TORONTO - With record-high lumber prices and urgent demand from U.S. builders, Canadian lumber firms haven't had to lay off staff or cut production at all, despite substantial duties on U.S.-bound lumber.
 
Canada's softwood lumber exports to the U.S. have declined 8 percent since the duties were imposed, but because the wood itself is worth more, the industry hasn't suffered.
 
VP of international trade and transportation for the Forest Products Association of Canada Joel Neuheimer said the higher price of wood and the insatiable demand from U.S. builders is helping keep the duties from pushing companies to lay off staff, cut production or even close down.
 
“If we were not seeing the same kind of demand and the same kind of high prices we’re seeing then we might be in an entirely different type of situation,” said Neuheimer.
 
“This is another example of a complex system being upset by side effects,” said Gene Wengert, the Wood Dr. “We do not have enough wood in the U.S. to make all our houses, actually to frame our houses, so even with the tariff, we will continue to use huge amounts of Canadian lumber even though it will add over $5,000 to the cost of a new home. Note that the Canadian lumber species involved are used for framing of homes.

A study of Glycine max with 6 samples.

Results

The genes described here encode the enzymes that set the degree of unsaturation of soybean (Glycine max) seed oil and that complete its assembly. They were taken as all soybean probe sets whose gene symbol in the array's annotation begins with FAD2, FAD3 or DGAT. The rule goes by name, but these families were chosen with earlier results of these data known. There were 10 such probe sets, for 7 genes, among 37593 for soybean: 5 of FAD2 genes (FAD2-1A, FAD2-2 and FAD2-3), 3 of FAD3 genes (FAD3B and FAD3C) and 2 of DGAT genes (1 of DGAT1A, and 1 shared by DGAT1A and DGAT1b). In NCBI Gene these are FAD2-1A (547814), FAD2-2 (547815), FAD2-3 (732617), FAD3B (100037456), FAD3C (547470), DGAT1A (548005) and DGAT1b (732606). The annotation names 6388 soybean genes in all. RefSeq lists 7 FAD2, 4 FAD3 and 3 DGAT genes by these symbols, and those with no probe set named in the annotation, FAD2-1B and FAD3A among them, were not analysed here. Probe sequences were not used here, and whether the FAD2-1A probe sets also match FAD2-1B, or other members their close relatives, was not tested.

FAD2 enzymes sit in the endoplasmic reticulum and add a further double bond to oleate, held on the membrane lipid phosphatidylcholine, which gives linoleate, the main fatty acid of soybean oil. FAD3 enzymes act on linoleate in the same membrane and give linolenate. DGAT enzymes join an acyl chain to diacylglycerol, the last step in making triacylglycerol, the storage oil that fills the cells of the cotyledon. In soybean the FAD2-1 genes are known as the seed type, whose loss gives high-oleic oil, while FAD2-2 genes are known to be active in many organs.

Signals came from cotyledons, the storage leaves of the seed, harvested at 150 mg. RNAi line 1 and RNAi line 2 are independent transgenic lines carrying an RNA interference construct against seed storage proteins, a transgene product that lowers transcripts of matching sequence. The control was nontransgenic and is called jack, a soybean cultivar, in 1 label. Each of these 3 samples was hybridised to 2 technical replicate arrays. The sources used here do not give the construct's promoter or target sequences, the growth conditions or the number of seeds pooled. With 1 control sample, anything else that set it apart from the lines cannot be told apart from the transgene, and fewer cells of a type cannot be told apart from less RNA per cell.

Tight lumber markets are responsible for boosting lumber prices, bringing costs to a 13-year-high in July. Canadian market analyzer Moody's says that sustained high lumber prices in 2018 will cover the cost of final duties on Canadian lumber imports, benefiting North American producers and timberland owners.
 
"The continuation of tight lumber markets will allow the estimated $1.2 billion of duties to be collected in 2018 to be passed on to the US consumer via elevated lumber prices," says Ed Sustar, a Moody's senior VP. "This is credit positive for our rated Canadian and US lumber producers, as high prices will outweigh the cost of the duty."
 
Moody's expects benchmark lumber prices, which have increased about 25 percent over the past year, to remain high due to rising demand fueled by a projected 6 percent increase in US.. housing starts and hurricane repair and rebuilding efforts. This will be met with increased North American lumber production, with improved efficiency from recent capital investments.
 
In early November, the U.S. Department of Commerce announced the final determination of antidumping and countervailing duties on imports of Canadian softwood lumber.
 
Reactions from the U.S. were positive and from Canada were negative. The combined final determination rates as announced by the U.S. Department of Commerce are: Canfor 22.13 percent; Resolute 17.90 percent; Tolko 22.07; W. Fraser 23.76 percent; Irving 9.92 percent; All Others 20.83 percent.